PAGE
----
Gil Morgan, the noted optometrist on the Senior PGA Tour, has no problem seeing his way to victory in the ACE Group Classic
By BOB HARIG
© St. Petersburg Times, published February 12, 2001
NAPLES, Fla. -- Gil Morgan needs glasses to read his scorecard, but you don't hear him talk much about prescriptions anymore.
The Senior PGA Tour golfer, once known more for the profession he didn't practice than the one he did, added another tournament title to his resume Sunday.
Morgan clearly is a better player today than he was in his 23-year PGA Tour career.
He shot 6-under-par 66 at Pelican Marsh Golf Club to win the ACE Group Classic by two shots over Dana Quigley. It was the 19th victory of Morgan's senior career, putting him eighth on the all-time list.
"I think the major difference is the fact I'm putting at a higher level than I did on the regular tour," said Morgan, 54, who has a degree in optometry that he has never used. "I putt better today than I ever putted. I actually putted at a higher level my last year before coming to the senior tour but never played well enough to take advantage of it."
Morgan made six birdies and didn't have a bogey despite still chipping off the rust from a winter spent at home in Edmond, Okla. He took the lead with 67 Saturday and was only briefly tied by Quigley during the final round.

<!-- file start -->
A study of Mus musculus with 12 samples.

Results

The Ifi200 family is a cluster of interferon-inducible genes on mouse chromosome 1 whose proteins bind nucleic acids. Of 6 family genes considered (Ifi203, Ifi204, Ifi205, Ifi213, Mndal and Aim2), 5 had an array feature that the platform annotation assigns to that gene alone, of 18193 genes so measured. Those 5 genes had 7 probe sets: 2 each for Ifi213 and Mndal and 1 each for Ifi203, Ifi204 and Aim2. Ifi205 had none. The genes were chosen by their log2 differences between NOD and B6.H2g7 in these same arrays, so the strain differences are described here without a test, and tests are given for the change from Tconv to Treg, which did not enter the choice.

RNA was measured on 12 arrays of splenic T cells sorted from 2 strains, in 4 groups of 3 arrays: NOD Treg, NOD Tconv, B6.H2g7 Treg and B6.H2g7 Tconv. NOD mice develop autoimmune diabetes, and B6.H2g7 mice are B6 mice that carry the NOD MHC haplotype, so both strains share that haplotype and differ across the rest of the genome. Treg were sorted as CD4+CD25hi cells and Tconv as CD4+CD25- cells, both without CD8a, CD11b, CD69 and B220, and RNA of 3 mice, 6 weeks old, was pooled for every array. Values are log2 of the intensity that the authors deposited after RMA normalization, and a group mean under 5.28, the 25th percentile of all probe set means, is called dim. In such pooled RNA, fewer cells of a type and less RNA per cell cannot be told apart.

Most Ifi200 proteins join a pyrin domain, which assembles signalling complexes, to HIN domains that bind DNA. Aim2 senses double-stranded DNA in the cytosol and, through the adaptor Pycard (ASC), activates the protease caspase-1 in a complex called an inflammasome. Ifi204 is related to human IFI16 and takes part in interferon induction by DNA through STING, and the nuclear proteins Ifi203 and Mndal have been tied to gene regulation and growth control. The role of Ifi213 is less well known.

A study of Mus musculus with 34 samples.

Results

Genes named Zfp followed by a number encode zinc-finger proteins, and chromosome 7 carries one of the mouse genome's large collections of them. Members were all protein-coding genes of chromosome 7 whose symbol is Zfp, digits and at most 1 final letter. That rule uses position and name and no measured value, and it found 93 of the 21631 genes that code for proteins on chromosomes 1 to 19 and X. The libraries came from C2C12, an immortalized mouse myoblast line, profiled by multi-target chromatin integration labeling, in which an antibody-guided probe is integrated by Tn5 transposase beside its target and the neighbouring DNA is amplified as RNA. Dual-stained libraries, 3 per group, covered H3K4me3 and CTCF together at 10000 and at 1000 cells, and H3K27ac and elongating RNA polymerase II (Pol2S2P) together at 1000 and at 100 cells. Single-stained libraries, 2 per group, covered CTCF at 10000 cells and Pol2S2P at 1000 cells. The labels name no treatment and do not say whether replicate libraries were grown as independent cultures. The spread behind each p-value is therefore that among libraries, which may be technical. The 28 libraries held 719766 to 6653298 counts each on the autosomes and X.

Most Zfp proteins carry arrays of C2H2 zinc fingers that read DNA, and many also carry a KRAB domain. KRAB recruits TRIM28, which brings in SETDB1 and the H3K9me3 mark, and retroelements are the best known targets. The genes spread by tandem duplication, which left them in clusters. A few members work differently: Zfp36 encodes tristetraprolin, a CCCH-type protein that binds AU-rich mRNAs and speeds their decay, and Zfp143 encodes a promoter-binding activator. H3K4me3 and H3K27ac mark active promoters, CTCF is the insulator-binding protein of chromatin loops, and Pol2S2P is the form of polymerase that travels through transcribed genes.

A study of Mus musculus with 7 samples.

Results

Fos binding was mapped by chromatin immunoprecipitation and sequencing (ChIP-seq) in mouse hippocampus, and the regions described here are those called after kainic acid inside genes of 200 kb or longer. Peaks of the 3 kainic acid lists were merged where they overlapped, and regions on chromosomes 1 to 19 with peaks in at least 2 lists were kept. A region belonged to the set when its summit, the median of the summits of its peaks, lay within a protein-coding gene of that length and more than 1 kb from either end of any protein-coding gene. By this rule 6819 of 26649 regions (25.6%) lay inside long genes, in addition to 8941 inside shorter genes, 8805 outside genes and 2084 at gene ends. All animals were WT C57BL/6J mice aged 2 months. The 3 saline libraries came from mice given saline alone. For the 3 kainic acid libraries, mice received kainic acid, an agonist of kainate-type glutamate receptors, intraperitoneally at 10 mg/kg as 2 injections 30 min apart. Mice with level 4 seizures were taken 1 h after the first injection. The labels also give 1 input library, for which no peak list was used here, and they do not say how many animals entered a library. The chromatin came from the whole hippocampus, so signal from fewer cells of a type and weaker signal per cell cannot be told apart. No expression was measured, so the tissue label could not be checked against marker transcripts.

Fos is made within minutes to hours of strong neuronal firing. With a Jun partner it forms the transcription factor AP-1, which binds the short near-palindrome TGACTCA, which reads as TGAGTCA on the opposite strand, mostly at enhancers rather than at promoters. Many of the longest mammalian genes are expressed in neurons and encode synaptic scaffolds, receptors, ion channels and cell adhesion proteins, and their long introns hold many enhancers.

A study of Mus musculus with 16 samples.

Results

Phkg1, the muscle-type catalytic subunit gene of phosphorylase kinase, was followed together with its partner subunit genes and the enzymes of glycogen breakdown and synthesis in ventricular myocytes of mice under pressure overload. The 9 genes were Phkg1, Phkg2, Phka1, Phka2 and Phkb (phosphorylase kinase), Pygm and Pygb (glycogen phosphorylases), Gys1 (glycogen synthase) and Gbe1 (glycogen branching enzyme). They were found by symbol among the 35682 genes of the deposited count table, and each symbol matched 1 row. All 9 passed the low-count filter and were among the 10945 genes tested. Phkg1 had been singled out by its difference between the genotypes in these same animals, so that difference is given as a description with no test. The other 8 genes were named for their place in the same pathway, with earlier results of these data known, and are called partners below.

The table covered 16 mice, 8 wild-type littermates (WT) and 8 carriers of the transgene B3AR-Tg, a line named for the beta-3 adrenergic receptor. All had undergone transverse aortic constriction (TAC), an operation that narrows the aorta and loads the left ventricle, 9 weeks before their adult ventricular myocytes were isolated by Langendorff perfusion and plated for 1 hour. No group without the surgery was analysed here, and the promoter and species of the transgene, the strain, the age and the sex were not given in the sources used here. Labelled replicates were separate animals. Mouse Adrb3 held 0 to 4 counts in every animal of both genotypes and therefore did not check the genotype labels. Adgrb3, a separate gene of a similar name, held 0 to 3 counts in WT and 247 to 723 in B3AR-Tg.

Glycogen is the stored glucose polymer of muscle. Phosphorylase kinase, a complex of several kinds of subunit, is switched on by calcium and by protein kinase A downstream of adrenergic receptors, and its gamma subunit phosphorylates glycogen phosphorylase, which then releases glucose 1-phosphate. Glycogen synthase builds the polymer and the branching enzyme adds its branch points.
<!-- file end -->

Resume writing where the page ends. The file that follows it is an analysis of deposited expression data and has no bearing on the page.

That came at the 16th hole, where Quigley's tap-in birdie putt pulled him into a tie. But Morgan responded by holing a 4-footer, then birdied the par-3 17th for a two-shot advantage.
Morgan completed the 54-hole event at 204, 12 under par, for his second victory in Naples. Three years ago he won the event when it was played down the road at Bay Colony. He earned $210,000 from the $1.4-million purse.
Stewart Ginn, with a closing 66, finished third at 209, followed by Tom Kite, who shot 68.
Only Quigley had a chance on the back nine to overtake Morgan.
"I feel more disappointed about this loss than all of my five seconds last year," said Quigley, who shot a final-round 67. "I don't know where that's coming from. Maybe I'm getting a little bit better and a little bit tougher.
"I played the round I envisioned starting out. I talked to (sports psychologist) Bob Rotella on the practice tee (by phone). He told me my mind was going to be wandering all over the place and not to try and play Gil, just to play golf. ... To come up short, I don't know what to say about it."
Quigley, 53, who has four senior victories and will play in his 119th consecutive senior event at this week's Verizon Classic at TPC of Tampa Bay, settled for $123,200.
Morgan is proving to be a solid front-runner. He has had four leads heading into the final round of a tournament the past two years and won all four.
The winner of seven tournaments and $5.2-million in his regular tour career, Morgan never enjoyed the kind of success he is having now.
"Now I'm 20 yards longer than I was on the regular tour," Morgan said. "That, coupled with probably less players in the field. I play as well tee to green as I used to, but with the courses being a little bit shorter and the rough not so deep, it just gives me more chances to have opportunities for birdies than I used to have."